Yesterday afternoon, I noticed that Drew was working on this piece for an upcoming exhibit at another school, themed on Africa. He was working from an image on his phone.
Not uncommon, to see a student using imagery from his iPod – it’s happening a lot these days. Intriguingly, though, Drew was working from a design he had created on the Let’s Create Pottery app. (Staley cited this app in his recent video The Analog and the Digital.) This was the first time I’d ever seen a student working backwards from a pot created virtually.
When I asked him if I could take these photos, Drew, in return, asked, “Hey, Ms. P., did you get the update yet? Did you see the print feature?”
“Oh. You’re not going to believe this one.”
Sure enough, the iDreams Community is now offering an option to send pots online to a 3D printer – Sculpteo. Check out the video. So you can create the pot onscreen, in the app, and send it to a printer digitally, pay with a credit card ($10.75 for the smallest, 3cm model) and the 3D object will come back to you…. well, of course we had to try it… by March 13.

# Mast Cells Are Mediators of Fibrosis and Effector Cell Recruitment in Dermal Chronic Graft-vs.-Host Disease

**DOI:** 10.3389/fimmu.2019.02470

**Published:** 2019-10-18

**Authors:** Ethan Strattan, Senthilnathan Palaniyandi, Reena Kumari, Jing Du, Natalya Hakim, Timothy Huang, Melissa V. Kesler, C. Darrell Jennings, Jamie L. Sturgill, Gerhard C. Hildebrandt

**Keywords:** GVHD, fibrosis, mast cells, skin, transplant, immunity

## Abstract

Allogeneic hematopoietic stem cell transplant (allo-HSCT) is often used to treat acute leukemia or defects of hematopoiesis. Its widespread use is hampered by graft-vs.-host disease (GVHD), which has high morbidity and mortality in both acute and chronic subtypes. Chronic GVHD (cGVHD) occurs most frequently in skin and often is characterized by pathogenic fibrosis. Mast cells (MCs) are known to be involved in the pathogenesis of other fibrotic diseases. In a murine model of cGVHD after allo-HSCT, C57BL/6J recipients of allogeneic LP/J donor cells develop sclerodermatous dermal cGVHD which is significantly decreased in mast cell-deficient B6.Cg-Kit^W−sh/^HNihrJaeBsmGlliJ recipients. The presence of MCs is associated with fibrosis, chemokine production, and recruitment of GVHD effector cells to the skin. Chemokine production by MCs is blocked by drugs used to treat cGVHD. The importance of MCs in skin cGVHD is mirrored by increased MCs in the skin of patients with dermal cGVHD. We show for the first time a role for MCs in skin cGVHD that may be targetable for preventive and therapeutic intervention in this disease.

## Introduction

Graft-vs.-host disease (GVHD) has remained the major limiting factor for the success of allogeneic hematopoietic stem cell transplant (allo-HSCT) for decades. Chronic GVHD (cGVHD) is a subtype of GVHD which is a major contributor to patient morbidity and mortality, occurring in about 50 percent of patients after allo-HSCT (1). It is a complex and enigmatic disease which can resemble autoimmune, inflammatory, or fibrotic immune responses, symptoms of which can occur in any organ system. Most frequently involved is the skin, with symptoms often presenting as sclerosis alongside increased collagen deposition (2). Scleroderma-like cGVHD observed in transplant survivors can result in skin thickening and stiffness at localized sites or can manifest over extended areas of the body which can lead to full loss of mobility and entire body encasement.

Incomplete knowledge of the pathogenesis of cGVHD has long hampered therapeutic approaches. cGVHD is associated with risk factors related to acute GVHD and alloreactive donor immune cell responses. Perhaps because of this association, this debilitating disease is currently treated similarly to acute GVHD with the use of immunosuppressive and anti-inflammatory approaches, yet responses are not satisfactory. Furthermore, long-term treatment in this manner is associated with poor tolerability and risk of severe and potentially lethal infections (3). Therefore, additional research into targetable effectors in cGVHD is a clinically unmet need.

So… this piece that Drew created… he’s creating a pot… painting it based on digital imagery created on a pottery app…. creating a decal in Photoshop to put on the pot… and now ordering a near-duplicate pot online via a 3D printer.
My head is spinning.
I remember, my first year of teaching at my current school, a student showed me that he was watching a football game on the screen of his smartphone. I distinctly remember my response. “I think I’ve reached my limit. I hit my wall with technology. It’s like I can’t even process what I’m seeing.”
While we await this 3D printed pot to arrive in the mail, I’m questioning my limits again.